A somatostatinoma is a rare type of neuroendocrine tumor that grows in the pancreas and sometimes the small bowel. A neuroendocrine tumor is one that is made up of hormone-producing cells. These hormone-producing cells are called islet cells.
A somatostatinoma develops specifically in the delta islet cell, which is responsible for producing the hormone somatostatin. The tumor causes these cells to produce more of this hormone.
When your body produces extra somatostatin hormones, it stops producing other pancreatic hormones. When those other hormones become scarce, it eventually leads to symptoms appearing.
The symptoms of a somatostatinoma usually start mild and increase in severity gradually. These symptoms are similar to those caused by other medical conditions. For this reason, it’s important that you make an appointment with your doctor to get a correct diagnosis. This should ensure proper treatment for any medical condition underlying your symptoms.
The symptoms caused by a somatostatinoma may include the following:
- pain in the abdomen (most common symptom)
- unexplained weight loss
- steatorrhea, or fatty stools
- bowel blockage
- jaundice, or yellowing skin (more common when a somatostatinoma is in the small bowel)
Medical conditions other than a somatostatinoma may be causing many of these symptoms. This is often the case, as somatostatinomas are so rare. However, your doctor is the only one who can diagnose the exact condition behind your specific symptoms.
What causes a somatostatinoma is currently unknown. However, there are some risk factors that may lead to a somatostatinoma.
This condition, which can affect both men and women, usually occurs after age 50. The following are some other possible risk factors for neuroendocrine tumors:
- a family history of multiple endocrine neoplasia type 1 (MEN1), a rare type of cancer syndrome that is hereditary
- von Hippel-Lindau disease
- tuberous sclerosis
Diagnosis must be made by a medical professional. Your doctor will usually start the diagnosis process with a fasting blood test. This test checks for an elevated somatostatin level. The blood test is often followed by one or more of the following diagnostic scans or X-rays:
- endoscopic ultrasound
- CT scan
- octreoscan (which is a radioactive scan)
- MRI scan
These tests allow your doctor to see the tumor, which may be either cancerous or noncancerous. The majority of somatostatinomas are cancerous. The only way to determine whether your tumor is cancerous is with surgery.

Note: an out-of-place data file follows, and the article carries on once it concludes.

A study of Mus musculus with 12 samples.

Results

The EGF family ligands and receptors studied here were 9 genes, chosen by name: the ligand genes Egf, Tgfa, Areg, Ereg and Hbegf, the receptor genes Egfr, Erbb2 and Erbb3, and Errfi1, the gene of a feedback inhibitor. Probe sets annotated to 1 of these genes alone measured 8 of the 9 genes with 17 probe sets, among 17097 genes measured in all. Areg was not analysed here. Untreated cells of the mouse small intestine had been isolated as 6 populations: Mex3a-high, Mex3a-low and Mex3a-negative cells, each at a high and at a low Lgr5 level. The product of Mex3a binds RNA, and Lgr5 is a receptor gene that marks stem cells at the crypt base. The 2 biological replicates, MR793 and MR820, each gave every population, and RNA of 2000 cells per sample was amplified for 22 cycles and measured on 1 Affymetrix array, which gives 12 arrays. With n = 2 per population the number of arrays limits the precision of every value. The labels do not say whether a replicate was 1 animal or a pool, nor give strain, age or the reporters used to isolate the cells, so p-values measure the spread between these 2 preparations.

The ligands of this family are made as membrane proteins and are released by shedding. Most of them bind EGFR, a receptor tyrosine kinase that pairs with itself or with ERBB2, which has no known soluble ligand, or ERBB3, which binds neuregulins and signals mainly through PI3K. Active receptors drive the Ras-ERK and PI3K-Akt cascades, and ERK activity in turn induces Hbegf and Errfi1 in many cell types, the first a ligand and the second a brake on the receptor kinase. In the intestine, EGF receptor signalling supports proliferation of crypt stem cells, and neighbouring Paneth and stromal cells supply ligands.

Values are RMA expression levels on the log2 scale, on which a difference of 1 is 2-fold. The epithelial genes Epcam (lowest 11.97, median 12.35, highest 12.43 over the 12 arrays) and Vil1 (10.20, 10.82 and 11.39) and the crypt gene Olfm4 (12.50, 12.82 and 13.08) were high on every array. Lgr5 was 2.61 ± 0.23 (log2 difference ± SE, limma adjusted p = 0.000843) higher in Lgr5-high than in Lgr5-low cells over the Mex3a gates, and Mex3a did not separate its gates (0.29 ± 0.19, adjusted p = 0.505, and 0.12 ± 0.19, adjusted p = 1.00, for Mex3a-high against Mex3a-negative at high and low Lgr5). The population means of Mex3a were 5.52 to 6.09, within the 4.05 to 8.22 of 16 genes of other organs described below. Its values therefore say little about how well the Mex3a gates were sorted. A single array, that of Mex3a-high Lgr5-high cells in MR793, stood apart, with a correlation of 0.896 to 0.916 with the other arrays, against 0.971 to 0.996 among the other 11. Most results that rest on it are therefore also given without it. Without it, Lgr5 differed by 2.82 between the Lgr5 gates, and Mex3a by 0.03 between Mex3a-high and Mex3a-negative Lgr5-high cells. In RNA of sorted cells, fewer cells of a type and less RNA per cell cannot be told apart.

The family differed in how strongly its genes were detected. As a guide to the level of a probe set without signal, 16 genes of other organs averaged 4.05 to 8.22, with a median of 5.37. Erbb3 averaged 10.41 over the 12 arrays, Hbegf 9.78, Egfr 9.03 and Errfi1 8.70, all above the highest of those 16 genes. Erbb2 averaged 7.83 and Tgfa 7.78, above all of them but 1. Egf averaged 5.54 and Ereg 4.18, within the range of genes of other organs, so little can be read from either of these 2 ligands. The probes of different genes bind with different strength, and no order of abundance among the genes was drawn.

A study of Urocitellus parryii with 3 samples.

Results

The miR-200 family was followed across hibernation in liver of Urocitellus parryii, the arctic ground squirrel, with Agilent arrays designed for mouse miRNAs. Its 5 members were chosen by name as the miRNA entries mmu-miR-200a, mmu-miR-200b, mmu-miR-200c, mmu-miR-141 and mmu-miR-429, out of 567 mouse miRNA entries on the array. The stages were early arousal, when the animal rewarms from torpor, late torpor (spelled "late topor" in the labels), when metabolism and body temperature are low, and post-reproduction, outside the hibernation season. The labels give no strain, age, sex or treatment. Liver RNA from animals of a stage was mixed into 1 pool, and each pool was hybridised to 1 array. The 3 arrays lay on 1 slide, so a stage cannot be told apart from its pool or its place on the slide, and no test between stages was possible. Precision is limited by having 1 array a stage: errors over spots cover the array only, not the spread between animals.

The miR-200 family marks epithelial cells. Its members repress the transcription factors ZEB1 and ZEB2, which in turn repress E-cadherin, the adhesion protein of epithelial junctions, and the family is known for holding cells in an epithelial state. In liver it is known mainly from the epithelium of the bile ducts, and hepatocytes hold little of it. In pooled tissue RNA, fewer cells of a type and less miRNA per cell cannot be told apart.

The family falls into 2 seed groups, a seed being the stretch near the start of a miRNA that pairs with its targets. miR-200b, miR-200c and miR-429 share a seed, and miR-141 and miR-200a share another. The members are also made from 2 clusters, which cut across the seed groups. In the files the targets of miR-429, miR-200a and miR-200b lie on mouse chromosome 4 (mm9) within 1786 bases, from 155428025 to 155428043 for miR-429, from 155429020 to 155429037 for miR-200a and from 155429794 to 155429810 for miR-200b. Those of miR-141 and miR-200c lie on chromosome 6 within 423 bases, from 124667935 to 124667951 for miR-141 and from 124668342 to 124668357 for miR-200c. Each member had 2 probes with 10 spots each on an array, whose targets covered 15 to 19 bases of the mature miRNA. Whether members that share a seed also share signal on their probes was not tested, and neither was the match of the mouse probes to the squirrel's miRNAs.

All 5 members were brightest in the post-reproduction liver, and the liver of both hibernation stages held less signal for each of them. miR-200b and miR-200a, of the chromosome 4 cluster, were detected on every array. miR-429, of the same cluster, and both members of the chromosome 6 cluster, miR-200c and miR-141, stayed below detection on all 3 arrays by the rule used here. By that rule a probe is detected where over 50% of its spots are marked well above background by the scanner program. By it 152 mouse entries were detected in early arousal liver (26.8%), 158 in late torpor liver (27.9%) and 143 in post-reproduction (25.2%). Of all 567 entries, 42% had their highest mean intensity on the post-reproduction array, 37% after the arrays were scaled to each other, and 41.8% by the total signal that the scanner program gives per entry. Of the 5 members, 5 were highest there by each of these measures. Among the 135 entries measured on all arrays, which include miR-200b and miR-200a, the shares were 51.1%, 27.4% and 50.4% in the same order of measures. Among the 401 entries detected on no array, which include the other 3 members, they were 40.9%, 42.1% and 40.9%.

A somatostatinoma is most often treated by removing the tumor through surgery. If the tumor is cancerous and the cancer has spread (a condition referred to as metastasis), surgery may not be an option. In the case of metastasis, your doctor will treat and manage whatever symptoms the somatostatinoma may be causing.
Associated conditions and complications | Complications
Some of the conditions that are associated with somatostatinomas may include the following:
- von Hippel-Lindau syndrome
- neurofibromatosis type 1
- diabetes mellitus
Somatostatinomas are usually found at a later stage, which can complicate treatment options. In a late stage, cancerous tumors are more likely to have already metastasized. After metastasis, treatment is limited, because surgery usually isn’t an option.
Despite the rare nature of somatostatinomas, the outlook is good for the 5-year survival rate. When a somatostatinoma can be removed surgically, there is a nearly 100 percent survival rate five years following the removal. The five-year survival rate for those treated after a somatostatinoma has metastasized is 60 percent.
The key is to get a diagnosis as early as possible. If you have some of the symptoms of a somatostatinoma, you should make an appointment with your doctor as soon as possible. Diagnostic testing will be able to determine the specific cause of your symptoms.
If your doctor determines you have a somatostatinoma, then the earlier you begin treatment, the better your prognosis will be.